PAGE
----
The sale of Scotland’s first purpose-built asylum could be wrapped up within a matter of weeks.
Sunnyside Hospital in Hillside closed in 2011 after serving as a mental health centre in rural Angus for 153 years.
Notable patients included Arthur Conan Doyle’s father and outsider artist Adam Christie.
Landowner NHS Tayside has now placed the property and its surroundings up for sale through agents Ballantynes of Edinburgh.
The firm has said it has already had a “favourable interest” and hopes to complete inquiries in six to eight weeks.
The firm’s partner Rory Ballantyne told The Courier: “Unfortunately we can’t give a price because there are a number of uses for the site.
“Ideally it would be bought by one developer because that would keep the integrity of the site.
“But NHS Tayside has done a great deal of groundwork before putting it up for sale it’s not just a matter of moving out and putting it on the market.
“We’ve already had a favourable response from parties and we’re taking that forward.
“We’d be looking at a short date for marketing, maybe six to eight weeks.”
Consultant Simpson & Brown said the main building and hospital block represent “some of the finest hospital architecture in Scotland” but a number of buildings “are now at risk”.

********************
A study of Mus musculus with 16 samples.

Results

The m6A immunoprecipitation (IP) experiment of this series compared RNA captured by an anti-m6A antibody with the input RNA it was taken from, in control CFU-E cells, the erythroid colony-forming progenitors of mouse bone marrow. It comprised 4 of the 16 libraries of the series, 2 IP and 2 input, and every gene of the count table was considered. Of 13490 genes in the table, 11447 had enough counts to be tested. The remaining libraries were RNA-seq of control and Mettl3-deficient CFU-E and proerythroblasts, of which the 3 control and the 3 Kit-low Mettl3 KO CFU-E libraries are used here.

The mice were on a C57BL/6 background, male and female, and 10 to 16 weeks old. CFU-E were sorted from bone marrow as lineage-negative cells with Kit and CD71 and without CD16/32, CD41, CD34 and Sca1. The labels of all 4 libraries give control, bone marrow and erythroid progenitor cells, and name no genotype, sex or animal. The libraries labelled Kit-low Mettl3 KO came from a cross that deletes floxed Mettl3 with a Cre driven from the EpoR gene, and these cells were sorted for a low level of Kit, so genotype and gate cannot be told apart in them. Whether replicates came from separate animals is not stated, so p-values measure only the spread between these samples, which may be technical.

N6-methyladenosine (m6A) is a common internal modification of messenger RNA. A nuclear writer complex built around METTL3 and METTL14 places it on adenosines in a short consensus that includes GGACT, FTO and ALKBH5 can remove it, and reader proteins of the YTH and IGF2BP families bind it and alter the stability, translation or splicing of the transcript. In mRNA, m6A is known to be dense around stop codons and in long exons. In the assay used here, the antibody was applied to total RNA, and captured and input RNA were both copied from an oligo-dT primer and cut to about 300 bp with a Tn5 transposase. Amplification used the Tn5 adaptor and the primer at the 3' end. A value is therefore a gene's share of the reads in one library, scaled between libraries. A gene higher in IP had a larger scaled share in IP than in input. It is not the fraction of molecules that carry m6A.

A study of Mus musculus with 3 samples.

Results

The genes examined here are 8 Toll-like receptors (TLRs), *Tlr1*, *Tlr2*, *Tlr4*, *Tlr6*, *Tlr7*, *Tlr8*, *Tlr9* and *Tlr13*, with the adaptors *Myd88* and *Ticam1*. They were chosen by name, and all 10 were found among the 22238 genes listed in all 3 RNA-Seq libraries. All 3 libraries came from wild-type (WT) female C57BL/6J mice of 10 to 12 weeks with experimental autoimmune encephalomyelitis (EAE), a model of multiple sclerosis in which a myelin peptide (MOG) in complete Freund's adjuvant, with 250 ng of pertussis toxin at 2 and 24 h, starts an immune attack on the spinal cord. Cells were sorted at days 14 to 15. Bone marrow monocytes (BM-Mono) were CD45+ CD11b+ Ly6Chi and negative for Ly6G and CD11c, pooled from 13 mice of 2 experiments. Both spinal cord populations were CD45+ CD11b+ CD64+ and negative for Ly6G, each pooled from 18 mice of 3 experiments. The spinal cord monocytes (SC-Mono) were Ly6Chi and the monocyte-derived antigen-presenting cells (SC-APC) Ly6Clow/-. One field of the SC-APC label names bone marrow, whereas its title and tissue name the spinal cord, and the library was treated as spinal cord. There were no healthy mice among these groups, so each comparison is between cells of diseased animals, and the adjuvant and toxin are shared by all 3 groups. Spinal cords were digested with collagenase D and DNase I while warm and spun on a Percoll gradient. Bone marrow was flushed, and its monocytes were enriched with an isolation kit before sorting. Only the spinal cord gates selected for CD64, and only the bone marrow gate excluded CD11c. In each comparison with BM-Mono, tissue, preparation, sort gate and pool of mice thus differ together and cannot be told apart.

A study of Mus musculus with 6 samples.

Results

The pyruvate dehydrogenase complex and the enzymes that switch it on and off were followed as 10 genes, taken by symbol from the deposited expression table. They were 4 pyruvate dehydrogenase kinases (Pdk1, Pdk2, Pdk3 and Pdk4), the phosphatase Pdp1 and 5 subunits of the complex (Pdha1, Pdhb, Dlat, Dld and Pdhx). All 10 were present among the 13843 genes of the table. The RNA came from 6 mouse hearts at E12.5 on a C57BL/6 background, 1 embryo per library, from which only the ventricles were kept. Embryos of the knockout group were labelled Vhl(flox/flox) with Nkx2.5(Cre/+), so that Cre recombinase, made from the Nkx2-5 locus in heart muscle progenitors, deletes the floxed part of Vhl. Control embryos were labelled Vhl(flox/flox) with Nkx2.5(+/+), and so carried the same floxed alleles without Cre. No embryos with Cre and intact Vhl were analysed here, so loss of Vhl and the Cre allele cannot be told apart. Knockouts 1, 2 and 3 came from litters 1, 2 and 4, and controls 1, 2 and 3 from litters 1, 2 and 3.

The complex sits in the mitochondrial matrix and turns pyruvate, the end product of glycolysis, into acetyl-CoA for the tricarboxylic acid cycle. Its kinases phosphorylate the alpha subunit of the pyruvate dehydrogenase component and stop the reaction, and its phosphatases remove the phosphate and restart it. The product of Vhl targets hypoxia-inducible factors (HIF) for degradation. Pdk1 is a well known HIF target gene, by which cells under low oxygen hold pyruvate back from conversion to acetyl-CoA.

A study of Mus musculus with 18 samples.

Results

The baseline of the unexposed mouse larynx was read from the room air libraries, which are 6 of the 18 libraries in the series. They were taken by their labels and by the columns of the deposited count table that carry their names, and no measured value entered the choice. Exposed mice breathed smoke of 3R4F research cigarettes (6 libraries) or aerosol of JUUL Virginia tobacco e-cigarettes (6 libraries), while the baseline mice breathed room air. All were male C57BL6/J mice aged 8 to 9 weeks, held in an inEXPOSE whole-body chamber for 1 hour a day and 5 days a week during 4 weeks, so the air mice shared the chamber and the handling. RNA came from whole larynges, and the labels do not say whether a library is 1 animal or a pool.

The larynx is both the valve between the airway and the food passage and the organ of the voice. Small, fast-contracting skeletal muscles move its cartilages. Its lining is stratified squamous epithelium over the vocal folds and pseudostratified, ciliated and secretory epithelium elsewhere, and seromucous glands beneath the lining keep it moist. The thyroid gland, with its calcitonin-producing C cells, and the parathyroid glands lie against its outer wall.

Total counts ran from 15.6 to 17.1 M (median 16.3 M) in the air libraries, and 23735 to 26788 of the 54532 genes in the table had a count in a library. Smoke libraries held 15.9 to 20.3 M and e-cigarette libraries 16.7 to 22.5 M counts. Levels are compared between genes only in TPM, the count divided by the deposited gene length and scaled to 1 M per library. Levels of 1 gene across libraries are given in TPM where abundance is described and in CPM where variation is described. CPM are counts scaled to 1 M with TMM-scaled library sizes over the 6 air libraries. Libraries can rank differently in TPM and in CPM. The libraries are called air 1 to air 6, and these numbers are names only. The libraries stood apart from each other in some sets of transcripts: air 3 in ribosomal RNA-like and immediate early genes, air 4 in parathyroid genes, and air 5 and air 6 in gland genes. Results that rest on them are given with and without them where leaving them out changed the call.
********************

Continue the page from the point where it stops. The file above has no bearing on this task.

Ballantynes’ brochure states: “Covering an approximate total of 26 hectares (64.2 acres) the site consists of a mixture of large period buildings that encompassed the original facilities, a mixture of more modern buildings providing ancillary services and open space including the tree lined playing fields and orchard.”
A spokeswoman for the health board said: “Following the transfer of services from Sunnyside Royal Hospital to the new £20 million Susan Carnegie Centre at Stracathro in 2011, the former Sunnyside site was declared surplus and has now been put on the market.”
The health body recently applied for listed building consent to demolish the hospital’s former chapel and Angus House building, along with outbuildings and the nearby Laurel Cottage.
Local councillor David May previously said the massive buildings will be a challenge to redevelop.
But be believes something must be done to avoid a fate like Strathmartine Hospital, which has fallen prey to vandals and fireraisers since it closed in 2003.
“It would be great news if a developer with grand design vision takes it on and saves some wonderful buildings,” he said.